In the course of 2013 and 2014, Poison Control centers across the U.S. 62, 254 reports about children’s exposure to laundry and dishwasher detergents, found a new study in Pediatrics. While keeping dishes and clothes clean certainly helps provide safe and healthy environments for children, the type of detergent products we use may pose serious – even life-threatening – risks to younger children in particular.
Tara goes into a more in-depth analysis of the study at Forbes, but here are the important basics. First, all of the tracked reports of detergent exposure were in children under age 6, and these reports are increasing, especially when it comes to the pod or packet form of both laundry and dishwashing detergents. In fact, the most serious injuries, including two deaths, came from kids’ exposure to laundry detergent pods.
Laundry detergent pods made up the most serious injuries, even over dishwasher packets. The vast majority of children who needed to be intubated after detergent exposure – 104 of 117 children – had swallowed detergent from laundry pods. Clinical side effects, hospitalizations, and serious medical outcomes, such as coma or stopped breathing, were also all higher for laundry detergent packets than for any other detergents.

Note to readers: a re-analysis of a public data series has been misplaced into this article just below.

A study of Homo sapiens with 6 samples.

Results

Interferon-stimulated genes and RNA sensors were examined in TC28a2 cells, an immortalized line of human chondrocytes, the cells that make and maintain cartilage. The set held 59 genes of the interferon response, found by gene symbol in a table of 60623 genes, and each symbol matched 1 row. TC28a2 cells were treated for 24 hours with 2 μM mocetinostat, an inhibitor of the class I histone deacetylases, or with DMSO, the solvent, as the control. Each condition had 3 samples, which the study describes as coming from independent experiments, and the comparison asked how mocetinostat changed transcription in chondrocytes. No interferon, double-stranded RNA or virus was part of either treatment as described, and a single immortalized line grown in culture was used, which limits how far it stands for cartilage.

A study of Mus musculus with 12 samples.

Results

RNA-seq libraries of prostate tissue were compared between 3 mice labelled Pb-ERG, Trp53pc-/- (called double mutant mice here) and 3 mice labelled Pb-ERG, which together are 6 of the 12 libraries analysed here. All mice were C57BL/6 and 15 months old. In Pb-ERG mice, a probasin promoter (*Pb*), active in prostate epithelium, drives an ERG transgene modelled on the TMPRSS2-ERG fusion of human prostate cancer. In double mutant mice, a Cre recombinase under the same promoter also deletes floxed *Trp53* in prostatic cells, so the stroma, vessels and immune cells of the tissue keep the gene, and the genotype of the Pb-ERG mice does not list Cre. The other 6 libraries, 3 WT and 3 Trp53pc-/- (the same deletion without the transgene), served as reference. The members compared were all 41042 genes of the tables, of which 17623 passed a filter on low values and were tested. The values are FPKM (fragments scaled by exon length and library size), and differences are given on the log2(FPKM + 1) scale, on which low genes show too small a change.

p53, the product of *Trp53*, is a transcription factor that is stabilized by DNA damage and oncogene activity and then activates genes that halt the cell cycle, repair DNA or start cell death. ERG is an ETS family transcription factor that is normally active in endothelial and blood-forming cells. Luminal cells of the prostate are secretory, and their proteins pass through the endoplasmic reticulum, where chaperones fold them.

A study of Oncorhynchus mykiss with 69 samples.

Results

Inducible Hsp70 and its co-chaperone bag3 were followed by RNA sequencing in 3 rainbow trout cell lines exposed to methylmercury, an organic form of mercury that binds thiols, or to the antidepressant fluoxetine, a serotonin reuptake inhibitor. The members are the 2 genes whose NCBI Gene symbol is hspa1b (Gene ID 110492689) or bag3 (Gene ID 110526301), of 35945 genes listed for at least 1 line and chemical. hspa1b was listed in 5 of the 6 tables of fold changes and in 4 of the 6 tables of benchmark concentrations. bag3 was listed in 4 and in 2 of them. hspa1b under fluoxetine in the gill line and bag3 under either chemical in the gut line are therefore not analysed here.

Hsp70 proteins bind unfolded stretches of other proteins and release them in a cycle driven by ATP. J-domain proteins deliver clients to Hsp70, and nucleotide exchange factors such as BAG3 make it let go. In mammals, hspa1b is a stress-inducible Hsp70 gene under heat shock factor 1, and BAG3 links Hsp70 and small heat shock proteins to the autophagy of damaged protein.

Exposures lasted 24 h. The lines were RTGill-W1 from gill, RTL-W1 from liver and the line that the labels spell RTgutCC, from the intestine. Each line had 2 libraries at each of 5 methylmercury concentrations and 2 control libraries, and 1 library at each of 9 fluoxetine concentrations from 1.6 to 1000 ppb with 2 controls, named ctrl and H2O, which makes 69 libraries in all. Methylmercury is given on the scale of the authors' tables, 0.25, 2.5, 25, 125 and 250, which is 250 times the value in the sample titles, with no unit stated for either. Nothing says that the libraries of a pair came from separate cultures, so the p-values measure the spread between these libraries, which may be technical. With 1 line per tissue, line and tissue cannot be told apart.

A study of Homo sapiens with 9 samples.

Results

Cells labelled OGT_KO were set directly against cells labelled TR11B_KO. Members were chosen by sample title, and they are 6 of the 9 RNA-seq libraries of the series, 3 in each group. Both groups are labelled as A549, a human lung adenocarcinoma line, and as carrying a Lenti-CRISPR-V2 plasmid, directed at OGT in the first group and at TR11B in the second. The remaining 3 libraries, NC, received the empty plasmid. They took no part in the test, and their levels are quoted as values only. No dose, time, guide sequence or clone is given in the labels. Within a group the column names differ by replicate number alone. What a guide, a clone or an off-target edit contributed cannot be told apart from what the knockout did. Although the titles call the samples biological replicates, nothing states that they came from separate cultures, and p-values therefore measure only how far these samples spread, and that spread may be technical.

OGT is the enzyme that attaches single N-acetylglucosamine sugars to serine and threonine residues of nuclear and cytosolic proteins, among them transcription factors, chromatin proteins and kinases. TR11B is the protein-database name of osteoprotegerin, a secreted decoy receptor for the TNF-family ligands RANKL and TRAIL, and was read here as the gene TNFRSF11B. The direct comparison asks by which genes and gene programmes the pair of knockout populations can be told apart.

Most of the detergent exposures – 85% in this study – happened when children ingested it. The manufacturers of laundry detergent packets have agreed to voluntary safety standards, but the authors of the study argue that additional standards or changes to design may need necessary if exposures and serious medical problems keep occurring.
The problem isn’t as simple as putting the laundry pods in a locked cabinet or out of reach. As this Onion piece humorously conveys, children are often much more determined to get ahold of – and to eat – dishwasher and laundry detergent pods because they look so much like gummy candy or other types of sugary treats. That extra bit of motivation to find a detergent pod and pop it in their mouths means simply having the laundry detergent pods in a house with little children at all poses serious risks, despite extensive childproofing, according to the authors. If your child is exposed to detergents or any other household poison, the Poison Control number is 1-800-222-1222.